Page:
I often hear people in places like Australia or other countries grumble about the cost of buying a new car and how they are being “ripped off” because they believe that the manufacturers and the different levels of Government are charging too much. Often they compare their country with the US which I find odd as often they are comparing a market of 20-30 million people to one 10 times the size (at least). This will undoubtedly influence any pricing!
However, spare a thought for people living in Singapore where buying a car is excessively expensive. If you have ever visited the island city, you will understand why the Government has put in place stringent and expensive measures to control the volume of cars on their roads. It doesn’t help that every year more green land gets built on with more housing and shopping malls – the visiting of which appears to be a national pastime!
With a finite amount of space and a population of around 5.5 million, it is easy to imagine that the island could end up like Beijing: smog-bound and one big traffic jam!
So, how do you buy a car there?
Step 1 – Get a Certificate of Entitlement (COE)
This is the way to effectively buy the right to drive a car for 10 years and is linked to the car itself. There is a quota system for the buyers who will bid for the right to receive a COE and this quota system is based on the number of cars deregistered that month, any adjustments needed in the number of vehicles allowed and population growth etc. The quota number is revised every 3 months.
Vehicles are categorised 5 ways:
A for cars under 1600cc
B for cars for over 1600cc
C for goods vehicles and buses etc
D for motorcycles
E an open category
Bids are accepted each month on the 1st and 3rd Mondays and are open for two days. Bids must be a minimum of $1 – however – for categories A, B, C and E a bid deposit of $10,000 plus an admin fee of up to $10 is also required! So the minimum you will pay is $10,002 regardless of what happens next.
This is where it gets complicated. Assuming that 10 COEs come up for purchase and 20 people bid, then the Current COE Price (or CCP) is the value of the 11th highest bidder plus $1. You can increase your bid during the two day period so the price could rise substantially if the bidders are desperate for a COE! Be prepared to hand over $40-50,000 at least.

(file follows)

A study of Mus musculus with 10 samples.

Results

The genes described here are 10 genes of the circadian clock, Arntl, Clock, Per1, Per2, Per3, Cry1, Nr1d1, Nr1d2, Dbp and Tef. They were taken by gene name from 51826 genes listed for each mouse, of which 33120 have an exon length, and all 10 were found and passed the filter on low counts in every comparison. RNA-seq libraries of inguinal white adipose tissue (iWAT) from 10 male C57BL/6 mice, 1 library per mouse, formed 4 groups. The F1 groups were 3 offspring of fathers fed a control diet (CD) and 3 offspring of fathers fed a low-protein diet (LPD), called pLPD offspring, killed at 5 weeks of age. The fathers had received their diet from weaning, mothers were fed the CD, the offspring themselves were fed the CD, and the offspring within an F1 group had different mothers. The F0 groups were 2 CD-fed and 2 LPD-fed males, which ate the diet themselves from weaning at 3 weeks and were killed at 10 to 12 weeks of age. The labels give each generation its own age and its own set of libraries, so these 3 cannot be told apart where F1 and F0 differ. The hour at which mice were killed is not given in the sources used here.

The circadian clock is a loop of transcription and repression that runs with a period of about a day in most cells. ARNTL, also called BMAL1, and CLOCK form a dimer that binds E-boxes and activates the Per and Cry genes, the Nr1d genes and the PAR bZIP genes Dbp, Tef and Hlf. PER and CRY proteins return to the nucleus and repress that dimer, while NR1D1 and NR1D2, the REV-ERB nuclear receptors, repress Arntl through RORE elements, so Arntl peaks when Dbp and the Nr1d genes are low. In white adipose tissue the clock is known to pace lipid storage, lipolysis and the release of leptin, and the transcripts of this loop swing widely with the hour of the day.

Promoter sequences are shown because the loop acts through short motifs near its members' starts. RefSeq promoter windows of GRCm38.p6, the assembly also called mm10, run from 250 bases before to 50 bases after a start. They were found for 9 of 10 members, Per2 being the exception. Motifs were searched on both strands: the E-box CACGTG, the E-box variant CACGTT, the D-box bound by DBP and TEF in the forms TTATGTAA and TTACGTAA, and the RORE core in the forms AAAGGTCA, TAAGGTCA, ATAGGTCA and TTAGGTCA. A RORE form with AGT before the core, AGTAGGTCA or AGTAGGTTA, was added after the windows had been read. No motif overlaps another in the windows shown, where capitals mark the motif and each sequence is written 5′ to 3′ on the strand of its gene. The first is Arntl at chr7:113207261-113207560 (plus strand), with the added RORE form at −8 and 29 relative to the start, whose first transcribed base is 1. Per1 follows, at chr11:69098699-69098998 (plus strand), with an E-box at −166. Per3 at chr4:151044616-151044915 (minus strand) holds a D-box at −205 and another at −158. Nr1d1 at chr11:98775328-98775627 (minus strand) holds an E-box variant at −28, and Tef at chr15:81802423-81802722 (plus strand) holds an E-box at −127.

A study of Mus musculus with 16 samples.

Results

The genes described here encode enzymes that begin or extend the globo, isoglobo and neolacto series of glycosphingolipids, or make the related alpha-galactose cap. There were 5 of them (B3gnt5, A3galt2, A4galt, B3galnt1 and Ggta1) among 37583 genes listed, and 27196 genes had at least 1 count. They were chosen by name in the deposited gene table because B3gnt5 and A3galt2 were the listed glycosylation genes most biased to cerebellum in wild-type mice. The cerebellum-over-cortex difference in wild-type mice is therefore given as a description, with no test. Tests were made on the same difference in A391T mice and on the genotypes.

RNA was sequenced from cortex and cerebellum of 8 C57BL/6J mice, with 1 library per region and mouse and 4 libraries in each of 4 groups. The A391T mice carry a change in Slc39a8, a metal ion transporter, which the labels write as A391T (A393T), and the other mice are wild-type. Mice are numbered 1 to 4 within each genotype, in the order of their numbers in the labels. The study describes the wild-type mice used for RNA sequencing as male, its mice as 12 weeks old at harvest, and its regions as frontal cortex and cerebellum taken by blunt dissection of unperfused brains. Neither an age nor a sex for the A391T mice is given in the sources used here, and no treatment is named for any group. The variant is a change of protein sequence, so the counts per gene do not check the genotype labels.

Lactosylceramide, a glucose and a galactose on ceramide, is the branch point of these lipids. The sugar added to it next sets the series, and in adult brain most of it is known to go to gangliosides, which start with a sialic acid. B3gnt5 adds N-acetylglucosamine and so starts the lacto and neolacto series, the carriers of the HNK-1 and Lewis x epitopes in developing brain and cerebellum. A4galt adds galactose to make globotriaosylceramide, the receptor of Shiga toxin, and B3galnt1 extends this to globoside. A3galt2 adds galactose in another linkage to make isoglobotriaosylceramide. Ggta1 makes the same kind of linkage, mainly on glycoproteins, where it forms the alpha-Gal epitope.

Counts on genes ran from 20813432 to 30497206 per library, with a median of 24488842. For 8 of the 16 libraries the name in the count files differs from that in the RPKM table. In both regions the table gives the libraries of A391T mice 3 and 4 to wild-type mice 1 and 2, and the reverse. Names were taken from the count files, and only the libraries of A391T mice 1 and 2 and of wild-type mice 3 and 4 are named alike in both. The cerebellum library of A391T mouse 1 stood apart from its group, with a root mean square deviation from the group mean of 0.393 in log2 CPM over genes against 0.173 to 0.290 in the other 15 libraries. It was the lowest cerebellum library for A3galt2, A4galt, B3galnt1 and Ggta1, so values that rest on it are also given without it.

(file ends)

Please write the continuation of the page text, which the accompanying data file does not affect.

Step 2 – Take the COE and a wad of cash to the dealer!
You will need it because after you have paid for the COE you will then be forking out much more. The car will have an OMV price – the “Open Market Value” set by the dealer and/or importer and this is based on local market conditions. This will be significantly higher than a comparable price anywhere else! Remember, this is a very small market and the supply/demand ratio is skewed in a different way to most other countries. On top of the OMV price you will pay a 20% Excise tax for the importation of the vehicle. Then there is an admin fee of $140, a Good and Services Tax (GST) of 7% that is calculated on the total of the OMV and Excise Tax ( a tax on a tax) and finally an Additional Registration Fee (ARF) to get the registration plates!
A standard Toyota saloon could in effect cost you upwards of $170,000 – one that would cost no more than $20,000 in Australia or even less in the US on the road! That’s horrible considering that the exchange rate is SGD1 to 95c AUD or 70c USD!
Now add on the standard road taxes, electronic road tolling, insurances etc and the running of the vehicle becomes even more expensive.
I can understand why Singapore does this – it limits the age of most of the vehicles on the road and limits the volume, although like any city you will still end up in a traffic jam! Their public networks of trains and buses are excellent and many people use them as a single method of transportation.
What I am amazed about is that other cities around the world haven’t cottoned on to the pricing structure – perhaps they will when then want to force their citizens on to expensive public transport systems. Sadly that’s not a joke with the waste of money that many cities throw at delivering poor transport services.